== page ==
The Case Against Piers Morgan

Blotchy Gong Show revivalist and CNN host Piers Morgan came off looking good in his confrontation with a British MP who accused him—falsely, as it turns out—on Tuesday of having confessed in his memoir to phone hacking while he was editor of the Daily Mirror. So we decided to catalog all the other—far more credible—indications that hacking went on under his nose during his tabloid days and...not so good! Let's have a look.

  • As British blogger Guido Fawkes noted today, in 2006 former Daily Mirror reporter James Hipwell told the Guardian unequivocally that hacking went on during his time at the paper—which overlapped entirely with Morgan's tenure as editor. "Many of the Daily Mirror's stories would come from hacking into a celebrity's voicemail," Hipwell told the Guardian. Among the frequent targets, Hipwell said, were members of the Spice Girls: "On one occasion, a Mirror journalist deleted a voicemail message from one of the Spice Girls' phones to stop his rival on the Sun getting hold of it, according to Hipwell."

    Hipwell also said in the 2006 interview that Morgan presided over a story about TV host Ulrika Jonsson that was derived from hacking her voicemails. (Other accounts of that story suggest it was News of the World that did the hacking, and the the Daily Mirror simply stole it.) Hipwell, it should be noted, was fired from the Mirror in 2000 over accusations that he invested in a company whose stock he was promoting in a business column. He was eventually jailed for stock manipulation. Morgan was investing in the same company, but for some reason he didn't get fired.

  • In January, former member of Parliament Paul Marsden announced that he had been a victim of phone-hacking by a Daily Mirror reporter in 2003—again, during Morgan's tenure—and that he was pursuing a lawsuit against the paper.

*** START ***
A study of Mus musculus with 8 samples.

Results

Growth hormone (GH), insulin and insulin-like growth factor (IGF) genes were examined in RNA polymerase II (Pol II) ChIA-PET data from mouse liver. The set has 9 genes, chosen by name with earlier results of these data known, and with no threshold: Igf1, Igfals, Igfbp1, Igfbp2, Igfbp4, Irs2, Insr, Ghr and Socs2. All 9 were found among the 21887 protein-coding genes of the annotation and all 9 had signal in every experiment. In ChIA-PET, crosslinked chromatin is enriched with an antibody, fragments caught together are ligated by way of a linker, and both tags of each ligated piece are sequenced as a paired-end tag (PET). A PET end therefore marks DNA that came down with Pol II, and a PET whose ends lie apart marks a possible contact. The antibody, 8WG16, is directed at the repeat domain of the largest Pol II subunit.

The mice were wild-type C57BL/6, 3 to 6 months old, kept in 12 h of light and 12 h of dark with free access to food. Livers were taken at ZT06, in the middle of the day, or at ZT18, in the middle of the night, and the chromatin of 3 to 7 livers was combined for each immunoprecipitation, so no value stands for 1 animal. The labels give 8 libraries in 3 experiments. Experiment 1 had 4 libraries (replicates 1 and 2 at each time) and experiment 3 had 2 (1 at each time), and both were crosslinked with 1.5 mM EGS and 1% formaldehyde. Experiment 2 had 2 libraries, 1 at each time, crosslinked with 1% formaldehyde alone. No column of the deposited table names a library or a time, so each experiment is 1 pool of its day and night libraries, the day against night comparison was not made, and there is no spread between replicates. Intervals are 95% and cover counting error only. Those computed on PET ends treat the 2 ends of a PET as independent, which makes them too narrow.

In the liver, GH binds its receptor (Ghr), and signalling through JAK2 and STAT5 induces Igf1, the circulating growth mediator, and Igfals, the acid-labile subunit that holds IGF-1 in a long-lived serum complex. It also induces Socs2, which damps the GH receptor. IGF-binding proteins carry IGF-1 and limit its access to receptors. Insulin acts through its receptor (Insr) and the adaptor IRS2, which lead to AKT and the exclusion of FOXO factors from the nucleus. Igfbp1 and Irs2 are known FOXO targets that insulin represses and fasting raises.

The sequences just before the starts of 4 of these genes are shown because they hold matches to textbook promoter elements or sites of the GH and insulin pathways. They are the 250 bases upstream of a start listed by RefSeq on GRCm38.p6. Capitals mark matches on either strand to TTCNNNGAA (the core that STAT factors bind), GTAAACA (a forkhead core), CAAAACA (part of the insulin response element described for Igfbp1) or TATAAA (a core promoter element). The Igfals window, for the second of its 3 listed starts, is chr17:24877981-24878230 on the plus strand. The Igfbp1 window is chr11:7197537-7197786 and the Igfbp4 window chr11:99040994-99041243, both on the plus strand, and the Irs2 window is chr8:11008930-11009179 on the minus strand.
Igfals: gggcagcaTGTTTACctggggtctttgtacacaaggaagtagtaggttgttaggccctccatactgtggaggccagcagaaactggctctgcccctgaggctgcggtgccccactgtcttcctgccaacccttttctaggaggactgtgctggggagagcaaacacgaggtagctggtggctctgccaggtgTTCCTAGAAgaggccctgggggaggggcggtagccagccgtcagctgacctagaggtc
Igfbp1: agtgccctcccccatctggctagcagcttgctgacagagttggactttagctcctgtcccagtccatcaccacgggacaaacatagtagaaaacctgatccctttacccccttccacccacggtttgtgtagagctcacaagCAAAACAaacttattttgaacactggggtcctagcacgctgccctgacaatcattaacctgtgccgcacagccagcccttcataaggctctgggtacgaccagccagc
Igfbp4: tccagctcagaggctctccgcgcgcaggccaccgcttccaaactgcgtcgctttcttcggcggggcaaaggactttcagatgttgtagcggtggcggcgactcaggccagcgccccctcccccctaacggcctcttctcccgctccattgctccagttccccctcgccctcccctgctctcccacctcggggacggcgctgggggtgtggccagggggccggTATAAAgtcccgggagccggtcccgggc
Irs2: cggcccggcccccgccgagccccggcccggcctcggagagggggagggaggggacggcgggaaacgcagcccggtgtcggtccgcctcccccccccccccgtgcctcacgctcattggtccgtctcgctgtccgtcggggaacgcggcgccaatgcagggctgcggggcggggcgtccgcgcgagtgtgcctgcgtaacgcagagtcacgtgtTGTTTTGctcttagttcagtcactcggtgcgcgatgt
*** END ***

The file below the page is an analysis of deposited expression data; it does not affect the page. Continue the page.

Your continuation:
• In 2002, Morgan appeared at an awards event with his newspaper nemesis Dominic Mohan, then the showbiz editor of The Sun. The event was sponsored by Vodafone. At one point during the ceremonies, Mohan publicly thanked Vodafone for sponsoring the event and for "Vodafone's lack of security," to which he ascribed all of the Mirror's entertainment scoops. This was long before the hacking scandal became widely known in 2005. Mohan's remark was clearly intended as a dig against a rival, but true or not it casts doubt on Morgan's coy claim that all he knows of phone hacking is that someone once told him that it was possible. In 2002, he had a reputation for relying on it.
  • Former Daily Mirror reporter Gary Jones was secretly recorded by British police telling private investigator Jonathan Rees—an accused (and acquitted) axe murderer at the heart of the hacking scandal who is accused of everything from voicemail snooping to conducting "burglaries of public figures to steal material for newspapers"—that "some of what he was doing for the Mirror was illegal." Jones was employed by the Mirror as a reporter for the entirety of Morgan's tenure there.
  • London mayor Boris Johnson, a former reporter, recently told Newsweek that the scandal will soon extend to Morgan's old haunting ground: "I'd be amazed if these papers weren't engaged in similar practices. Including the Daily Mirror and maybe others as well."

To sum up, that's two independent direct accusations of hacking—one from a former employee and one from an alleged victim—one kidding-on-the-square public accusation from a competitor, one secretly taped confession from an employee of Morgan's that the Mirror was hiring a private investigator to break the law, and one unsubstantiated accusation from the mayor of London.

Morgan did not respond to an e-mail, and a CNN publicist declined to comment.